For nearly a week, prescription drug orders have been disrupted at thousands of pharmacies as the largest health insurer in the United States tries to fully restore services following a cyberattack.

The security breach was first detected last Wednesday at Change Healthcare, a division of UnitedHealth Group, and two senior federal law enforcement officials told the New York Times that the hackers appear to be from another country.

In a filing with the U.S. Securities and Exchange Commission, UnitedHealth Group said it had been forced to disconnect some of Change Healthcare’s vast digital network from its clients, and it hasn’t yet been able to restore all of those services.

Change Healthcare handles roughly 15 billion transactions a year, representing nearly one in three U.S. patient records, the Times reported.

This latest cyberattack underscores the vulnerability of health care data, particularly the privacy of patients’ personal information.

Change Healthcare helps pharmacies verify a patient’s insurance coverage for their prescriptions, and some reports indicate that some people have been forced to pay for their prescriptions in cash, the Times reported.

Shortly after UnitedHealth discovered the security breach, the company shut down several services, including those allowing pharmacies to quickly check what a patient owes for a medication, the Times reported

While national drug store chains like Walgreens report limited effects, smaller pharmacies tell a different story.

“For the last week, it has been hit or miss about whether we can take care of patients,” said Dared Price, who operates seven pharmacies in Kansas. While patients can pay cash if the medication is inexpensive, he noted that some of his customers can’t get more costly treatments for flu or COVID because their insurance status couldn’t be confirmed.

“It’s a debacle,” Price said.

Meanwhile, Tricare, which covers the U.S. military, said its pharmacies in the United States and abroad now have to fill prescriptions manually, delaying the dispensing of critical medications.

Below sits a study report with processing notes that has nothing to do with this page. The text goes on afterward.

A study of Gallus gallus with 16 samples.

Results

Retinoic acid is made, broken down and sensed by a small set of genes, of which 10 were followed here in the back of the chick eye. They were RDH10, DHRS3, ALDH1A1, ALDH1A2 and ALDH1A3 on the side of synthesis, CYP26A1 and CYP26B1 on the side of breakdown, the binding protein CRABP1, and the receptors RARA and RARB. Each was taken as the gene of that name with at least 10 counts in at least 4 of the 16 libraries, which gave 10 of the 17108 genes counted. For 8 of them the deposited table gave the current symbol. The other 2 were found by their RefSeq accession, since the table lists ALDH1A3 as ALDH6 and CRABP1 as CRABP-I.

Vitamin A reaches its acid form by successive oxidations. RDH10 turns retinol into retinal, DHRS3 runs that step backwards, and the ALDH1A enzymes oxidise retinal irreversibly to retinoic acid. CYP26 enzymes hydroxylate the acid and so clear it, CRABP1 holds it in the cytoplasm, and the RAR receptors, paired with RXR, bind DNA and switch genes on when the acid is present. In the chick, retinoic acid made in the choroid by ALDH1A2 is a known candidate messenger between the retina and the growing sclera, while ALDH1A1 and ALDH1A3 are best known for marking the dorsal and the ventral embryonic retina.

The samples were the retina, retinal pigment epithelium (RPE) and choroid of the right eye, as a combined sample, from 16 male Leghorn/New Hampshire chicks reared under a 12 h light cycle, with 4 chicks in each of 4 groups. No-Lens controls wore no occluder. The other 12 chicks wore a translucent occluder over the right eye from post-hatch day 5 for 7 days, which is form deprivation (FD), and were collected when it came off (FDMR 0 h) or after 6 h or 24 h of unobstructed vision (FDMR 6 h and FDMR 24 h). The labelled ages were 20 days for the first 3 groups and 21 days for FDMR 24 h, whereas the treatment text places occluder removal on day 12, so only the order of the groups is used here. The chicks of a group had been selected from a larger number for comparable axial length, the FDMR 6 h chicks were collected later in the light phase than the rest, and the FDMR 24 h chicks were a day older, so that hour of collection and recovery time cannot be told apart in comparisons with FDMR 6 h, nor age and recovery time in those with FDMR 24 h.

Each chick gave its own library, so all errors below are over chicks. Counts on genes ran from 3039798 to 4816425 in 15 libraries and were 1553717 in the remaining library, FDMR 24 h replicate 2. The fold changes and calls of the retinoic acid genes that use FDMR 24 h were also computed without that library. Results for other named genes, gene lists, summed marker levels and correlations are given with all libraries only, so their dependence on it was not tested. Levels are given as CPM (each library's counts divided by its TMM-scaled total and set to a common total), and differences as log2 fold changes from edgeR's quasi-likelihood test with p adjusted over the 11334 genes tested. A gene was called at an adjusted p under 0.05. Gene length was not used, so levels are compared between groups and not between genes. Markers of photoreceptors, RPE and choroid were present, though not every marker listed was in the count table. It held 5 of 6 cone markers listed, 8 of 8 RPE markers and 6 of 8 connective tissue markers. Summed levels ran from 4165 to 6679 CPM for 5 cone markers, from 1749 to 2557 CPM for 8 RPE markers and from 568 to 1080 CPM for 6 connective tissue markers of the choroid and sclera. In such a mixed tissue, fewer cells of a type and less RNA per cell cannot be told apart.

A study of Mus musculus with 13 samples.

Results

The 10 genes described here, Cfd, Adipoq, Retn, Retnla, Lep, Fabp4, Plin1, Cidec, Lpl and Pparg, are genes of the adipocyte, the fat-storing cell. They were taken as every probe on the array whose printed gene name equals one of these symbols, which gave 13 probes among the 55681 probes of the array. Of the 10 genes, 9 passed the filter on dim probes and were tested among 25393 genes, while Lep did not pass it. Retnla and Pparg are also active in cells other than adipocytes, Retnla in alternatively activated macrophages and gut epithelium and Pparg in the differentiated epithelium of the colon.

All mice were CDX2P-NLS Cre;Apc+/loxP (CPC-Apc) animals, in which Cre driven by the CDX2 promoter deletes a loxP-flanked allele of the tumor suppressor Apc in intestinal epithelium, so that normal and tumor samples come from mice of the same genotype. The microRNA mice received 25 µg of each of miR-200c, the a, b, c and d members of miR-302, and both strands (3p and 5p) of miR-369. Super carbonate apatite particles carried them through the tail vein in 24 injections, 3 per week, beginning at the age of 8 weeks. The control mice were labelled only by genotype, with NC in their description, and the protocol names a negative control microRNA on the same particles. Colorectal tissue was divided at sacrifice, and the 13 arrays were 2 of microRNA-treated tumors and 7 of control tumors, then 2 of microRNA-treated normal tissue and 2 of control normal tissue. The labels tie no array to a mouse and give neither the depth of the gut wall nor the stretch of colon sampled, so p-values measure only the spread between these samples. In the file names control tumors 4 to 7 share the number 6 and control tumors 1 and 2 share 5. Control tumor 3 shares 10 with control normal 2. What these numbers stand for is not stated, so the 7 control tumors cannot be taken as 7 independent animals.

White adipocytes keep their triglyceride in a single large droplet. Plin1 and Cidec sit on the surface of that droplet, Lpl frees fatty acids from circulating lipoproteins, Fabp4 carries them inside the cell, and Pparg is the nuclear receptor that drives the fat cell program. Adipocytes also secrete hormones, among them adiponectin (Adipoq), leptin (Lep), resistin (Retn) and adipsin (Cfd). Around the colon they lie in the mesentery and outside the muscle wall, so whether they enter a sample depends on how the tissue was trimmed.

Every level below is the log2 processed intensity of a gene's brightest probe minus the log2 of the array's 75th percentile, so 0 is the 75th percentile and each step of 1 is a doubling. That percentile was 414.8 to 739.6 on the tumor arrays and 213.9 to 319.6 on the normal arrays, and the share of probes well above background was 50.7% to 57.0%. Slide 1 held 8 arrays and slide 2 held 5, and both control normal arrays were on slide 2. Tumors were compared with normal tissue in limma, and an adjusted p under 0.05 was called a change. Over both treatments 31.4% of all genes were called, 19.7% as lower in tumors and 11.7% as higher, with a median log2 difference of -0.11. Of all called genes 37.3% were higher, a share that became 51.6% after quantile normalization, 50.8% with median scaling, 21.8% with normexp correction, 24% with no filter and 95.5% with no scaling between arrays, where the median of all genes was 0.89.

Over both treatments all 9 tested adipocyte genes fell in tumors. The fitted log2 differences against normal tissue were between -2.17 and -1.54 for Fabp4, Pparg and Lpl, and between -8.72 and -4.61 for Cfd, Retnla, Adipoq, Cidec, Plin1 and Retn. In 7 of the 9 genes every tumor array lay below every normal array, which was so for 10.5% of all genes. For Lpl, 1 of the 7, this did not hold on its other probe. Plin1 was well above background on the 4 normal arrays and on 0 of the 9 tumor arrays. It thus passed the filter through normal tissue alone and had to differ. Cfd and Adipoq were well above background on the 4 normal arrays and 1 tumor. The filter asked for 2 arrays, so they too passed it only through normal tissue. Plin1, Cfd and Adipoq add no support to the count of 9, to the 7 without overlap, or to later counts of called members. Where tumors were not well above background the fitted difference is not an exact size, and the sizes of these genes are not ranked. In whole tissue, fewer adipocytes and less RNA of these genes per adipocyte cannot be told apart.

On Tuesday, the company reiterated that the affected services would likely be unavailable for at least another day.

“We are working on multiple approaches to restore the impacted environment and will not take any shortcuts or take any additional risk as we bring our systems back online,” Change Healthcare said in a statement. “We will continue to be proactive and aggressive with all our systems and if we suspect any issue with the system, we will immediately take action and disconnect. The disruption is expected to last at least through the day. We will provide updates as more information becomes available.”

UnitedHealth, whose sprawling businesses touch all areas of health care, was likely a particularly tempting target for hackers, experts said.

“If you’re going to go after stealing records, you want to go after the biggest pot of records you can get,” Fred Langston, chief product officer for the cybersecurity firm Critical Insight, told the Times. “You’re literally hitting the jackpot.”

But UnitedHealth is not alone in its vulnerability: The industry has seen an increasing number of cyberattacks, Cliff Steinhauer, director of information security and engagement at the National Cybersecurity Alliance, told the Times.

According to federal officials, large breaches of health care data have nearly doubled from 2018 to 2022.